This is part two of three in a series covering the risks of filing a Chapter 7 bankruptcy petition for a business entity. Please visit here to read part one. If your business is unable to pay its debts as they come due, you would be prudent to seek the advice of bankruptcy counsel. Bankruptcy counsel may recommend that you file a Chapter 7 bankruptcy for the company. If you decide to close the business and file a Chapter 7 bankruptcy case, upon filing the petition, a bankruptcy estate is created, consisting of all of the company’s property and all of its debt. A trustee is appointed to liquidate the assets, pursue lawsuits to recover money or property, and after all estate is property turned into cash, distribute the funds to creditors.
If the company is a pass-through entity for tax purposes, the shareholders/members/equity holders may be liable for taxes due on the income generated by the trustee for the benefit of the estate.
Filing a Chapter 7 bankruptcy for a defunct business provides an orderly and transparent process for liquidating the company’s assets and distributing the funds to creditors under the supervision of the Bankruptcy Court. There are, however, a few risks to consider as you make the decision whether to file a bankruptcy liquidation for your defunct company. In part one, I described some of the types of lawsuits that the trustee may file to recover funds for the benefit of the estate. Another often unexpected risk is the potential tax liability of the shareholders, members, or equity holders of the business entity for the income generated by the trustee for the benefit of the estate.
With respect to limited liability companies, some forms of partnerships, and Sub-Chapter S corporations, the ﬁling of a Chapter 7 bankruptcy by the business entity may have income tax consequences for the equity holders. If the trustee generates a significant amount of cash for the bankruptcy estate by selling the company’s assets and recovering money through lawsuits, that income may be taxable to the equity holders. The bankruptcy estate generally assumes the taxpayer status of the debtor, and for those types of business entities that are “pass through” entities that do not pay income taxes, if there is tax liability for the income generated by the trustee, it falls upon the shareholders, members, or equity owners. Even though equity holders receive no benefit from income generated by the trustee for the benefit of the bankruptcy estate, each equity holder will receive a Schedule K-1, which reports his or her pro rata share of income, gains, credits, deductions and losses, which the owners must enter on their individual 1040s to be computed and taxed at their individual tax rates. While it is often the case that the equity holders have losses or other deductions to offset the income, the income generated by the trustee for the benefit of the estate is taxable income for the equity holders, and so if the trustee generates more income than the owners can offset with losses or other deductions, they may have to pay taxes on the estate income, even though they most likely confer no benefit from the income.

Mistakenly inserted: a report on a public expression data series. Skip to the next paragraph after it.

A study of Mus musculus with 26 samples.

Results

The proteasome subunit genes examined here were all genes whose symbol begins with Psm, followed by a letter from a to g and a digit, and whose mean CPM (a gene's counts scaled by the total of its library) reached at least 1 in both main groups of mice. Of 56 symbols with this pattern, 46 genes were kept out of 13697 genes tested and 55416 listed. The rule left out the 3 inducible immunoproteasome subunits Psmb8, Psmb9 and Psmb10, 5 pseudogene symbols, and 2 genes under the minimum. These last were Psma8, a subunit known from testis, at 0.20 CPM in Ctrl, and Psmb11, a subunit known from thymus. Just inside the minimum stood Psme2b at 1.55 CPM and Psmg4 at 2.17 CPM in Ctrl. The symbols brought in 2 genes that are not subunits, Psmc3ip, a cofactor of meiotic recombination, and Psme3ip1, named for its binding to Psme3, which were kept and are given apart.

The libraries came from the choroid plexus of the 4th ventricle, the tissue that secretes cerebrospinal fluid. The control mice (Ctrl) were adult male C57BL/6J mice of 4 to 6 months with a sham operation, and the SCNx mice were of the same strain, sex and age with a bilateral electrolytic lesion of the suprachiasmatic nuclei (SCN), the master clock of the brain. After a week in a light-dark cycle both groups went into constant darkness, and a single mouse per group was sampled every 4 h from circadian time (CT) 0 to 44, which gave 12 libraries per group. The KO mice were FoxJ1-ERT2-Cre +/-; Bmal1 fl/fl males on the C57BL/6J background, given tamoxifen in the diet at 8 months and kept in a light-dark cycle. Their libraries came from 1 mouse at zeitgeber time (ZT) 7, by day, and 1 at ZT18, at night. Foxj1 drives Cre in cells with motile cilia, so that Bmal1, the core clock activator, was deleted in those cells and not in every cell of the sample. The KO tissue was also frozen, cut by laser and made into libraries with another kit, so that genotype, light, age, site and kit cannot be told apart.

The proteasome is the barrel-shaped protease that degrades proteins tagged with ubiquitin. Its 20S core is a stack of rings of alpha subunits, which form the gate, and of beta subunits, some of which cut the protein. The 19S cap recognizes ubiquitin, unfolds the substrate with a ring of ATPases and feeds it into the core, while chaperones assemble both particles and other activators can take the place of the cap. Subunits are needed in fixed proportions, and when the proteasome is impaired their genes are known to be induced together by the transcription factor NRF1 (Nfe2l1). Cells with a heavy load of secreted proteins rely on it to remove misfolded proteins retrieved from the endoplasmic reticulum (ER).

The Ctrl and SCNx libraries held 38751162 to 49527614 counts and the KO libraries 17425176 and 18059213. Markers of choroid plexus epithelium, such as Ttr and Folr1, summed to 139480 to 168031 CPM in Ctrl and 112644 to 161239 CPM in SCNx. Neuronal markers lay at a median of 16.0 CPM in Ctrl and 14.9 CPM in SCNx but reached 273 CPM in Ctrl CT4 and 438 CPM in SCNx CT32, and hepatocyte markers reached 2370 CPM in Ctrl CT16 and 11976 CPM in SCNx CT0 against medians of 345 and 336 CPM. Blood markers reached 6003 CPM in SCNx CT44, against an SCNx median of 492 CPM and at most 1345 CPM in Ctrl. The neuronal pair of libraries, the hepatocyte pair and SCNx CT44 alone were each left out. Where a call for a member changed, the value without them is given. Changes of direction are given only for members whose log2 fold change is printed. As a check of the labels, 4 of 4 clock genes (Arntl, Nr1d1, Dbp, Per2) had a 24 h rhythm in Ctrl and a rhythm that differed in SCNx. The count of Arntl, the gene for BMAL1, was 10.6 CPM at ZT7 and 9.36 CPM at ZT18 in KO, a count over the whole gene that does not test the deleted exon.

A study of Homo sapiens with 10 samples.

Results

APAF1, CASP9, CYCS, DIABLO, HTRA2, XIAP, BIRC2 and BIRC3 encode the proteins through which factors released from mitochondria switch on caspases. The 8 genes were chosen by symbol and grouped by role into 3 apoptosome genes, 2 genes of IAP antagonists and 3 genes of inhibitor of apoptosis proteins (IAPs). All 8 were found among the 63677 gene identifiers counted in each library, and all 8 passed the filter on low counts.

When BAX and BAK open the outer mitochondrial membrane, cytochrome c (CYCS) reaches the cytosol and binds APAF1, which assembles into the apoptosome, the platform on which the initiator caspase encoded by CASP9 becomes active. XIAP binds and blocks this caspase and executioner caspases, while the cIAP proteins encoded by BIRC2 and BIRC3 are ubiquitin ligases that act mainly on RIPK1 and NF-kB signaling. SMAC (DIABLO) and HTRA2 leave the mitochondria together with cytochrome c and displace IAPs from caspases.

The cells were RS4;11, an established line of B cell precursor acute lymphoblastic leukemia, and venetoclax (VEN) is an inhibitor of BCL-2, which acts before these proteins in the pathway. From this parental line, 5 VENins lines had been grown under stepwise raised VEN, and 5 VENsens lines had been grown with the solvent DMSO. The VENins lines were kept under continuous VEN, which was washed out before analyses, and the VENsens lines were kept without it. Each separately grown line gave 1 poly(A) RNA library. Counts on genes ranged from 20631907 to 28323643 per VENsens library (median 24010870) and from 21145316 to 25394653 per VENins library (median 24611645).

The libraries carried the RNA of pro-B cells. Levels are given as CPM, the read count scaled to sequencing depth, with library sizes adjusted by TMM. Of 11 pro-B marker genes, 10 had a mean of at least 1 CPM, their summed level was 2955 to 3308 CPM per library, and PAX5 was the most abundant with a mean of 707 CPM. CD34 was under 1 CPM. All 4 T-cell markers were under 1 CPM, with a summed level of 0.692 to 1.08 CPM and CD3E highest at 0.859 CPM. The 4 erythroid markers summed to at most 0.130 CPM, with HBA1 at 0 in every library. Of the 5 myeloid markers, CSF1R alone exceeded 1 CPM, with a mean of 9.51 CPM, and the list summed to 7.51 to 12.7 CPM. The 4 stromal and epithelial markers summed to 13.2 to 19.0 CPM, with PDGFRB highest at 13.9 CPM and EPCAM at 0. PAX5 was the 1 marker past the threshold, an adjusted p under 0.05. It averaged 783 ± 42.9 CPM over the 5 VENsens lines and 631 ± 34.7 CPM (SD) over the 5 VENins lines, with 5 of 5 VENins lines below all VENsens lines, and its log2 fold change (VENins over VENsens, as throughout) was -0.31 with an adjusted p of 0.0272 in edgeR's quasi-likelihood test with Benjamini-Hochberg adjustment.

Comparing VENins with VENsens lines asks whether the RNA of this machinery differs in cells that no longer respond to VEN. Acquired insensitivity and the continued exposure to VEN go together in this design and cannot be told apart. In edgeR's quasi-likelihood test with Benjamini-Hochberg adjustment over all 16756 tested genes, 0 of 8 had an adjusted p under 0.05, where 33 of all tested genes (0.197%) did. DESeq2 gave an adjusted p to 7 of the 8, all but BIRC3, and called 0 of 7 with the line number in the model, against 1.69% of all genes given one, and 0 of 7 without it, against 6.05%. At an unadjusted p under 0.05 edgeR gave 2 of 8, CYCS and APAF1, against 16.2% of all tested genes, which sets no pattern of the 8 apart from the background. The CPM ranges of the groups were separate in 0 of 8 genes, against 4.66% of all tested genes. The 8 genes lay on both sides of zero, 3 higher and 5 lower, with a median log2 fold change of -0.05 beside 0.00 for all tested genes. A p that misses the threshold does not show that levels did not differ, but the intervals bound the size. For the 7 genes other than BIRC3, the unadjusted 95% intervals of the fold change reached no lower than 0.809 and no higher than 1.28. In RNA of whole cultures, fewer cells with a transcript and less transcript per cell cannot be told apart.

Joe Bellinger served on the panel of Chapter 7 bankruptcy trustees for the District of Maryland (Baltimore Division) from 1996 – 2017. If you have questions about the risks of Chapter 7 bankruptcy for business entities or any other bankruptcy matters, please contact Joe Bellinger at email@example.com or 410.209.6415.
The opinions expressed are those of the author, Joseph J. Bellinger, and do not necessarily reflect the views of Offit Kurman, P.A. This article is for general information purposes and is not intended to be and should not be taken as legal advice.
ABOUT JOSEPH BELLINGER
Joseph Bellinger has over 25 years of experience as a bankruptcy attorney and has represented virtually every party in interest in Chapter 11 business bankruptcy cases, including Debtors, equity holders, secured lenders, Committees of Unsecured Creditors, Chapter 11 trustees, and purchasers of the Debtor’s business. Mr. Bellinger brings to each case his breadth of experience litigating cases in bankruptcy courts, federal district courts, and state courts as an aggressive litigator and an effective negotiator. Mr. Bellinger works with his clients to evaluate the costs and benefits of alternative strategies in order to develop a strategy that his clients understand and can afford, and that will lead to a favorable outcome at trial or in a negotiated settlement.